Trevor has been judged a top producer for his buffalo haloumi and mozzarella, a magnificent achievement for this latecomer to cheese making.
Trevor spoke exclusively to Hinterland Times editor, Michael Berry about his new limelight status and where he goes to from here.
TREVOR WAS FEATURED in the Hinterland Times just three years ago as he embarked on his crusade to produce fresh cheeses using buffalo milk from Maleny dairy farmers, Mal & Margaret Thompson.
In the short time since, Trevor has shot to prominence as a top niche producer of his soft cheeses – haloumi, mozzarella, and bocconcini. That recognition also comes in a very practical way from restaurants up and down the east coast that buy Trevor’s cheeses. Importantly for the Blackall Range, Trevor, Mal and Margaret are showing that a focus on high quality produce can make a success out of niche farming.
Trevor’s tiny cheeserie is beneath his home in Maleny. On the other side of the wall his wife, Shannon is a producer in her own right … with a studio that produces equally delicious white clay porcelain pieces that are part art work and part kitchen utility.
Trevor is a self-taught cheese maker who began thinking seriously about cheese a few years ago. He was then a jazz trumpeter and composer, with a composer’s approach to food.
“I had travelled a lot around the Mediterranean and I had spent a lot of time in rural France, and I knew the quality of cheese. When I decided to make cheese I didn’t want to reproduce cheeses that were imported from overseas.
“So with my haloumi, I really wanted to make a cheese in which you could actually taste the milk, because most of the haloumi you buy is like cardboard. I had concepts in my mind of balance and taste and texture, saltiness and
freshness. Buffalo milk has the taste that I want to draw out in the cheese, because it is a beautiful sweet milk. There is no secret to what I do but I start by respecting the milk, and I pay a lot of attention to the process, which is all by hand.”
Like many creative people, Trevor struggles to define in words the creative process and he feels more comfortable using the musical analogy. “As a musician and particularly as a composer, you are always making nano decisions.
For many years I had trained myself to make nano decisions, so when it came to making cheese I was prepared for that kind of creative decision-making.”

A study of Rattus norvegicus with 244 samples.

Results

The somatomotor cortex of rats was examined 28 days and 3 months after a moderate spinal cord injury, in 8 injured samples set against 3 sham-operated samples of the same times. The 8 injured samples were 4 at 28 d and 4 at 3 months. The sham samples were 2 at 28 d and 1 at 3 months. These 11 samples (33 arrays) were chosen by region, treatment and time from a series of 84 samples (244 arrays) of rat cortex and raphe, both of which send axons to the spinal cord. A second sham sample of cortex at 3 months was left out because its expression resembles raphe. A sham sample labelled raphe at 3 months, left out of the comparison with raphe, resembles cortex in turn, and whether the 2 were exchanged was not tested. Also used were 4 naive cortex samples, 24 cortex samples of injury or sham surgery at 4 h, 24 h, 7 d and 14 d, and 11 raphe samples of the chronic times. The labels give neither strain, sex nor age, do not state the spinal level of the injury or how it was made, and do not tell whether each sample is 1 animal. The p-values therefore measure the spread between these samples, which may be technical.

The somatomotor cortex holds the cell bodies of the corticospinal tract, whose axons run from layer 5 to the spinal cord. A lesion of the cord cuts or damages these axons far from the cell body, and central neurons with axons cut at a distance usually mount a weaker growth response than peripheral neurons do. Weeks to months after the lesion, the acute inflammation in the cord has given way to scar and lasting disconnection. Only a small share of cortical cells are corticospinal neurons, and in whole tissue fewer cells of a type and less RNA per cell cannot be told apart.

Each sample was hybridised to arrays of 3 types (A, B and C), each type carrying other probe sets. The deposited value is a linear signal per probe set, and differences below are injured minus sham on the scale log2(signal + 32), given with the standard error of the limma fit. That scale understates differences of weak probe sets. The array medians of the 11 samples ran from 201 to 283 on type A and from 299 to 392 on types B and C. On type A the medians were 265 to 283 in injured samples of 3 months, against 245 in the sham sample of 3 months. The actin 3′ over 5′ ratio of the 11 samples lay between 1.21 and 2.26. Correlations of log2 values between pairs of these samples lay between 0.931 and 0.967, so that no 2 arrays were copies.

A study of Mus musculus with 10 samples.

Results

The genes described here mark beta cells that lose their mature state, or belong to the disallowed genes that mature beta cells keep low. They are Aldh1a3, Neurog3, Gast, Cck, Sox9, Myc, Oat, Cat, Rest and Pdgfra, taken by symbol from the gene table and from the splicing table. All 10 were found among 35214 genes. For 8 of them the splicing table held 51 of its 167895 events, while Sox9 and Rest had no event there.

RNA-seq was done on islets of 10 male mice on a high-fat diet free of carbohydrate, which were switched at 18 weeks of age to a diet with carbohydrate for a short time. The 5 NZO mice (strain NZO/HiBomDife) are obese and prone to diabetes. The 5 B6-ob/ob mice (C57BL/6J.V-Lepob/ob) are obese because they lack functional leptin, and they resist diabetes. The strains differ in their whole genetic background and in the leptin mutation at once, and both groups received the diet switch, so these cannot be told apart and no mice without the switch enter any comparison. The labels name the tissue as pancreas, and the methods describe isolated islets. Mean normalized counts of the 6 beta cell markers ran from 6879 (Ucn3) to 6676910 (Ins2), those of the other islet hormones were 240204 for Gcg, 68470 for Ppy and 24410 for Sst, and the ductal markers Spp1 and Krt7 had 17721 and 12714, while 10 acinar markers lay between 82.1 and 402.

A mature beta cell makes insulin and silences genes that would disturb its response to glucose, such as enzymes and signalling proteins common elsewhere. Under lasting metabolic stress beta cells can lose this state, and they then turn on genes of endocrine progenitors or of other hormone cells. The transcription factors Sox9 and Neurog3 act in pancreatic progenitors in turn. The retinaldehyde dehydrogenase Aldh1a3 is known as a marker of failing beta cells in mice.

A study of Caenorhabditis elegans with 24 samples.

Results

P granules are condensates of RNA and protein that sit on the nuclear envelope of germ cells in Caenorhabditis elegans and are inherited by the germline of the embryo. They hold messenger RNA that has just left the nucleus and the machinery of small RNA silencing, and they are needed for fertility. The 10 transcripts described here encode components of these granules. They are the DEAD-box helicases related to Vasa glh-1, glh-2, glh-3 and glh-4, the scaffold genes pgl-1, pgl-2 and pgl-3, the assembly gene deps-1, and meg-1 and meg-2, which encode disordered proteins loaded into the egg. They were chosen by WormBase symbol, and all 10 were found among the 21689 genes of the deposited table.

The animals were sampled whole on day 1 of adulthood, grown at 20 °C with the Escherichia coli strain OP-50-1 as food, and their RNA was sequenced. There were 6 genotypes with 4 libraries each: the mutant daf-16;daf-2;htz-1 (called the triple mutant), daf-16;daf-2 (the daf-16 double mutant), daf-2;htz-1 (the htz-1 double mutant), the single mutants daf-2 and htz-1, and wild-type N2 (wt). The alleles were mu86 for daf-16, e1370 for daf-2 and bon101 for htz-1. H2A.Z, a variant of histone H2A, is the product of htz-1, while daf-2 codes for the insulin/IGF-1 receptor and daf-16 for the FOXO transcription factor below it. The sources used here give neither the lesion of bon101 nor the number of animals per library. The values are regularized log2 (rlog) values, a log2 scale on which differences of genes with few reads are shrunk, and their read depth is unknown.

Creative he may be, and he has been seen playing to his cheeses, but Trevor is not precious about what he does. To him cheese making is a high level craft, not an art. He doesn’t work to a formula but accepts that each batch of cheese is subtly different from the last.
As in music Trevor has been composing a new soft cheese that he calls Love Supreme. He had put down the first notes to this composition when we got together three years ago. “It comes from my observation of the cheeses brought to markets by farmers in provincial France … a moist fresh cheese that once again brings out the taste of
the milk, but having a resonance of its own.” A busy week for Trevor is making up to 100kg of cheese.
So does winning top national recognition mean he has to ramp up production?
“No. Obviously it’s a recognition or an affirmation of what I have embarked upon and the way that I’m doing it. Even before I got these gongs I was supplying the best restaurants in the country and I was in dialogue with them. And that’s important to me. I don’t just want to be a supplier but also to have a dialogue with those who buy and use my cheese. All I want is for people to respect my products.”
“Apart from restaurants, In Maleny I supply the IGA deli, and I sell through farmers markets. I am a real believer in farmers’ markets… that’s where for $12 people can buy a freshly-made cheese and usually from the cheese maker… and I can get instant feedback from people on what they’ve done with it, their recipes, how they’ve enjoyed it. And how they think it’s different from the last time they bought it.
“I have a symbiotic relationship with Mal and Margaret Thompson. As dairy farmers they are able to sustain a buffalo herd which supplies me with a constant supply of milk for my cheese. Each one needs the other and it’s a
good thing. That’s going to be the way of the future. Just as I have a conversation with restaurant owners, so too with Mal and Margaret. We are always talking about the quality of the milk and how it’s affected by the environment, or what cows are calving and so on.”
The future for Trevor Hart is clearly not in producing more cheese but in seeking new and creative ways to define his own signature.
“In the future I want to look at the traditional cheeses, almost deconstruct them and create modern versions of them. For example, I wouldn’t mind going to Turkey and up to the historical region of Cappadoccia … into those mountain villages to see how they make their cheeses. A lot of my cheese-making has been inspired by seeing people bring their cheeses to markets in Europe.
“To me things are just starting to open up. I am not sure what I am going to do next but I feel in my bones that the next cheese I make will be like a soft French provincial cheese.
“One of the things I learned through playing improvised jazz was that you can open up yourself more and more and more. You know that in jazz, by opening up you are being brave. It’s the same with cheese-making.”